Nelson Matinee


It was the immediate post war years and Saturday matinees were all the rage with our generation of kids. Whether it was Chums Club, Young New Zealanders Club, local competitions society, Seddon Shield rugby matches at Trafalgar Park, Norton Cup hockey matches at the Botanics, a visiting circus or touring show at the Theatre Royal,  there was always something for us kids to look forward to at the weekend. It was the days before television and computer games, and the Nelson scene was probably the same as any other town in New Zealand.

Nelson children enjoying a movie matinee
Click image to enlarge

The highlight as far as I was concerned was the Chums Club on a Saturday morning, when up to eight hundred kids would pack the State Theatre. Admission was sixpence and membership of the Chums Club was free. Membership entitled you to a free Chums Club badge, an attendance card which gave the bearer a free admission after receiving twelve attendance clips, and on your birthday, members were invited up onto the stage where they each received a chocolate fish from compere Uncle Tom and we all sang happy birthday.

The programme usually consisted of an episode of a twelve part western serial (eg Tom Mix, Bill Maynard and Hopalong Cassidy were firm favourites), followed by a couple of Disney cartoons and a short comedy feature. The main feature was usually a western, a pirate or adventure movie, Tarzan, or a classic, such as Snow White -  all good stuff.  Along the road at the rival Majestic Theatre, the Young New Zealanders Club provided a similar fare on a Saturday afternoon. It struggled and the Chums Club always enjoyed the greater patronage in Nelson.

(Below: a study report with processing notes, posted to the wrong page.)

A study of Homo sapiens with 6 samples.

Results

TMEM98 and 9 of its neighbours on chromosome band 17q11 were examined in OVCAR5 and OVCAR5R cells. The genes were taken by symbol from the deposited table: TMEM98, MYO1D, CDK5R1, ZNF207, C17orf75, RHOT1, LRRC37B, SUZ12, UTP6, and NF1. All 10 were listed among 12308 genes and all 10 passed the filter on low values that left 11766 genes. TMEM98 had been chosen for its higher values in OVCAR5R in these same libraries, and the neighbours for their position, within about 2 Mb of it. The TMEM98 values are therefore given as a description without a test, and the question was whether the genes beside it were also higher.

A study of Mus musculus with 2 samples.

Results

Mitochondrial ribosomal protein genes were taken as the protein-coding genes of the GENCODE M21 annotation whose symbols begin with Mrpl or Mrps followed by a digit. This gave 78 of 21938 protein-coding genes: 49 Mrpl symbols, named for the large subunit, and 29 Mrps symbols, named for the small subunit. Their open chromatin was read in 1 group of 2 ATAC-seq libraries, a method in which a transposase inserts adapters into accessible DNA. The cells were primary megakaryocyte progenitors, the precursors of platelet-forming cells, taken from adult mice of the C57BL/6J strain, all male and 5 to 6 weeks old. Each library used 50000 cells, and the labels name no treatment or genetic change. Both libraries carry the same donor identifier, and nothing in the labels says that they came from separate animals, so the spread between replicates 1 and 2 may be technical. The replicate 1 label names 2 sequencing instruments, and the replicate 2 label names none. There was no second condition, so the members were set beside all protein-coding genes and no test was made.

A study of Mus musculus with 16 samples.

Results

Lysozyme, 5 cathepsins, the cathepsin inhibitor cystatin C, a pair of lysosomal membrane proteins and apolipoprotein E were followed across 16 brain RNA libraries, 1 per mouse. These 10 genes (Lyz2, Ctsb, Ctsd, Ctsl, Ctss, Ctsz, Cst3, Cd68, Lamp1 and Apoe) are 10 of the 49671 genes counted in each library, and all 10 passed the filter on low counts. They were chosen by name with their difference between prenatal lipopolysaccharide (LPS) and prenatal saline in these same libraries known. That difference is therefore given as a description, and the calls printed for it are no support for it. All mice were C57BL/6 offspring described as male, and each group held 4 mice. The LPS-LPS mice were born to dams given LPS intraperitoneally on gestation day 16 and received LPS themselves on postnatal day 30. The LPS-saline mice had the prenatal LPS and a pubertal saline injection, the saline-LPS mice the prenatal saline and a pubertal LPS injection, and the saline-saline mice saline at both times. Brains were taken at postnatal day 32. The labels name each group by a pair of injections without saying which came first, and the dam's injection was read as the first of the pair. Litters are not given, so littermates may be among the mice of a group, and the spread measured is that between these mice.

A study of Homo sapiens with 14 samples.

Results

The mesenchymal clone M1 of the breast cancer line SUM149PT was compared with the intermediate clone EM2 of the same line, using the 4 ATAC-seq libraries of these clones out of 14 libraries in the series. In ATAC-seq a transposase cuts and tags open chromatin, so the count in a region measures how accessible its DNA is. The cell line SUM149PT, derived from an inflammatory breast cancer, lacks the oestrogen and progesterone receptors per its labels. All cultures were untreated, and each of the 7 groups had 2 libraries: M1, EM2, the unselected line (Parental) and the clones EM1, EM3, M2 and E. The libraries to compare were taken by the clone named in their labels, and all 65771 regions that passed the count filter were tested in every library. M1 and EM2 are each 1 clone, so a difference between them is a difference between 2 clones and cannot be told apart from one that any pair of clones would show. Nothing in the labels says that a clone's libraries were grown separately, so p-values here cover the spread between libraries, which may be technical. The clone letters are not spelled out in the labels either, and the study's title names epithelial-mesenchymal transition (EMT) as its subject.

One of the activities that was possibly unique to Nelson was the Wednesday after school movie programme conducted by Rev, Ray Blampied at the Rutherford St Church of Christ. Admission was free and consequently it was immensely popular, drawing kids from all the primary schools in Nelson. It was a scene of considerable bedlam with over five hundred kids crammed into the small church hail, roaring their heads off at the crazy antics of comics like the Keystone Cops, Fatty Arbuckie, Laurel and Hardy, Abbot and Costello. Some of the movies were old silent comedies, but that didn't matter, it was a great show. One thing was standard, the baddie was always identified by the fact that he had a big black moustache.

Perhaps my most vivid memory was the visit of country and western star, Tex Morton with hypnotist the Great Franquin at the Theatre Royal. It was 1949 and since Nelson was Tex Morton's home town, the price of admission had been specially reduced from one shilling to sixpence. Of course what we didn't know was that the Great Franquin was nothing more than a protege of Tex Morton, that his name was Frank Quinn and that he came from Picton. What you don't know does not hurt you and  as it turned out, it did not matter anyhow. As we queued to get in, word came down the line that the Great Franquin was sick and that Tex Morton was going to do the whole show by himself. As a result the admission had been further reduced to only three pence. The whole show was a one-man performance. It was an afternoon of sheer enjoyment. Tex Morton went on to become the world's greatest hypnotist and the world's greatest entertainer, breaking all box office records in the United States and Canada.

By the mid 1950's television was beginning to take hold and the matinee era was in decline. I have often wondered what happened to the matinees that we all enjoyed so much. Where did they go? Why did they disappear?

This article first appeared in the Nelson Weekly, Tuesday 30 November 2010, p 16


Books

Articles

  • Peters, Carol. (2006, March 18). The very best seats in the house. Nelson Mail, p. 16.
  • Wood, Val & Hickman, Hugh. (2005, Jun/Jul). The Saturday matinee. New Zealand Memories, 54, 32-33.